My Unsolicited Advice About Unsolicited Advice

First of all – yes, this post is somewhat hypocritical. However, if you are reading this, on some level you are interested in this advice, so it’s not truly unsolicited.
Here’s my unsolicited advice about giving unsolicited advice – don’t give it. We are all tempted to give this…but why? Oftentimes it comes out of a genuine place of concern and compassion for others. Other times, not so much. In some cases, we are trying to show others that we know more than they do. That we know what is best…therefore they don’t. When we do this, we are usually trying to fulfill needs for power and esteem.
Unfortunately, the recipients of our unsolicited advice often don’t take to it all that well. If it is raising us up to provide such pearls of wisdom, it is putting them down a notch. We have more power/knowledge…therefore they have less. As the old saying goes, “The road to hell is paved with good intentions.”
Think of when you have been the recipient of unsolicited advice. How did it make you feel? Did you appreciate it? Have you ever found yourself resenting someone who keeps giving you unsolicited advice? Here’s the kicker – have you ever not taken some sound advice just because you didn’t want it in the first place?
If by providing unsolicited advice, you are hurting your relationship with another person, you are killing the golden goose. Our happiness in life is very much dependent upon our relationships with others. To the extent that we are in good relationships with other people, we tend to feel happy. When we are in conflict or feeling disconnected, we tend to feel unhappy, angry, and/or distressed. Our unsolicited advice, particularly when it is frequently given, often damages relationships. Since positive relationships are key to our happiness, it is in our best interest to refrain from providing unsolicited advice.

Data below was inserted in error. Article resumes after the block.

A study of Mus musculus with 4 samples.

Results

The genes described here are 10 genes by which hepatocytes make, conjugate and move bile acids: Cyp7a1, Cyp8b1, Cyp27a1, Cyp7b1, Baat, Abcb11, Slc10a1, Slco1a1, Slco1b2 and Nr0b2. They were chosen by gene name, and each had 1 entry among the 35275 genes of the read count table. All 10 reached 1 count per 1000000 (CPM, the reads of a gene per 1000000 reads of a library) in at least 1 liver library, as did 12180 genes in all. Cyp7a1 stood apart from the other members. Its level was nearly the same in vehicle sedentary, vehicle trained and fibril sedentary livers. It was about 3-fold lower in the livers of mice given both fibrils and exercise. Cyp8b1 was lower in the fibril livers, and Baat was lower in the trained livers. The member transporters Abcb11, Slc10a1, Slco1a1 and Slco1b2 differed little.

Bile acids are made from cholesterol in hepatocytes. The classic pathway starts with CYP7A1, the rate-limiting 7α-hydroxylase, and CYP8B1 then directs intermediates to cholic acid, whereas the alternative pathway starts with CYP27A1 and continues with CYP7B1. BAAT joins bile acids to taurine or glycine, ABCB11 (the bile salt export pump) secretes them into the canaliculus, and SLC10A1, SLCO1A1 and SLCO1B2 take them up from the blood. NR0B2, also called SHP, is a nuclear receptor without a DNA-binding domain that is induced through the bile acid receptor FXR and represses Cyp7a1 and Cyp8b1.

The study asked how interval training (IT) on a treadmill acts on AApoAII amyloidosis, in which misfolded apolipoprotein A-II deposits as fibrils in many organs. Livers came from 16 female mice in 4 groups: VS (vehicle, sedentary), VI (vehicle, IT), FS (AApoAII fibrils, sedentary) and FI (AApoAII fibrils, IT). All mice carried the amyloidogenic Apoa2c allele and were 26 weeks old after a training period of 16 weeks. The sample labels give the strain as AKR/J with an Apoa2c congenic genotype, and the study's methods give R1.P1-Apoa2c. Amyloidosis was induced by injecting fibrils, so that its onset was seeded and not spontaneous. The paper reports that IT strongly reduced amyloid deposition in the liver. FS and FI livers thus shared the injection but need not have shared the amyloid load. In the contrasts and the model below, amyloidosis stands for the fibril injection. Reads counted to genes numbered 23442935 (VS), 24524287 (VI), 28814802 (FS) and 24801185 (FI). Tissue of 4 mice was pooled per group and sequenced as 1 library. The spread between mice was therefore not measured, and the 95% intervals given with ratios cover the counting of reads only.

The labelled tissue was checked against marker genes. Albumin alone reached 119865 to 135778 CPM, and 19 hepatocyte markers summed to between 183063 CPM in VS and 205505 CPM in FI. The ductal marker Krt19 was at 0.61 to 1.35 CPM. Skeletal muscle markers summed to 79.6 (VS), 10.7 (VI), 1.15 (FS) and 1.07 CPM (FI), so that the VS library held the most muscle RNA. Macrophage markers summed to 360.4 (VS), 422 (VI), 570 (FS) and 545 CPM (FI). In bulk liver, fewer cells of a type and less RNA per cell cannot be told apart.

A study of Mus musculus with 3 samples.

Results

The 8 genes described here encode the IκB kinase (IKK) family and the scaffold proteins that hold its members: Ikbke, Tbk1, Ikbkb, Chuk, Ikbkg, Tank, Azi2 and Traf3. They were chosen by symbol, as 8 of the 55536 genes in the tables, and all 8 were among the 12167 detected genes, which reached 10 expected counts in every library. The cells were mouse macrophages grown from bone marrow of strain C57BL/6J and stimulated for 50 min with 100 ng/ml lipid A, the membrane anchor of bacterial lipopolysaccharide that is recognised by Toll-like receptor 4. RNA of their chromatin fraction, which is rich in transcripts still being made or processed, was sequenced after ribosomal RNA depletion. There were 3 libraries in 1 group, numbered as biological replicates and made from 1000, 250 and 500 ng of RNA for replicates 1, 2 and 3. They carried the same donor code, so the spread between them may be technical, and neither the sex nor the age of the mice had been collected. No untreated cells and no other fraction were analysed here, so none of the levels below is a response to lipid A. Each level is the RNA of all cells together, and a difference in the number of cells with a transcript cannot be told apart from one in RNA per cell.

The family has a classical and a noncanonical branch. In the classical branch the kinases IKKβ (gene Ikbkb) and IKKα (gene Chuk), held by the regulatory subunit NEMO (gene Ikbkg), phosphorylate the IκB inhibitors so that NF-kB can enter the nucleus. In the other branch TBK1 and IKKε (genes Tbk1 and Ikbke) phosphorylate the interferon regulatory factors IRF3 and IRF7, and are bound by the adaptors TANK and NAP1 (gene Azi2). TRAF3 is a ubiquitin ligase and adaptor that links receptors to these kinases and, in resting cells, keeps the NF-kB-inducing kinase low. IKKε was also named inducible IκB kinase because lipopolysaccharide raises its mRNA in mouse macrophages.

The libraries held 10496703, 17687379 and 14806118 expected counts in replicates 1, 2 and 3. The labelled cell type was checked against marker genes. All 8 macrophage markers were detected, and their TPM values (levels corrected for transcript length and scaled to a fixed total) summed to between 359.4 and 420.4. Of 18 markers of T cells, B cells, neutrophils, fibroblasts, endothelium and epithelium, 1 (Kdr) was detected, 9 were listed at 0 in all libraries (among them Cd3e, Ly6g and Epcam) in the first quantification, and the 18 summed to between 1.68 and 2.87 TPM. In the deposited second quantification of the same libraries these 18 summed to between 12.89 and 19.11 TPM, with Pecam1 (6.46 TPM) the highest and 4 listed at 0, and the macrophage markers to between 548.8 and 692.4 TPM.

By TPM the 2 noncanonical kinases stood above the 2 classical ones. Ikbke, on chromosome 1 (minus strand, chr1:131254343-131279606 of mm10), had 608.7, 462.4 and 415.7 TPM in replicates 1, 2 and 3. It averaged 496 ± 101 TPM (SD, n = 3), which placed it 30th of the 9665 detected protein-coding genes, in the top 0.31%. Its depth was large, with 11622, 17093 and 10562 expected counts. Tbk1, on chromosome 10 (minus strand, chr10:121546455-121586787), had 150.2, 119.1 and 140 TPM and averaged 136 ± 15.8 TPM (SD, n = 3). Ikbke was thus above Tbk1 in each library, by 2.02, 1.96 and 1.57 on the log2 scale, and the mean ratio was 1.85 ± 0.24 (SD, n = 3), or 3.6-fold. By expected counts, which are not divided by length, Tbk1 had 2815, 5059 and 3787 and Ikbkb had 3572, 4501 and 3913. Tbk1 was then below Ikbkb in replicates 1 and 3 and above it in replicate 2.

What if you really have some great advice to give a someone? One thing you can do is to ask your friend/co-worker/family member if it is okay to throw in your 2 cents. Perhaps more importantly, if you provide advice very sparingly, it will be more appreciated. By gauging the reaction of the person, you’ll know whether you are on track or not. If you value your relationships with others over being “right,” you…and others…will benefit.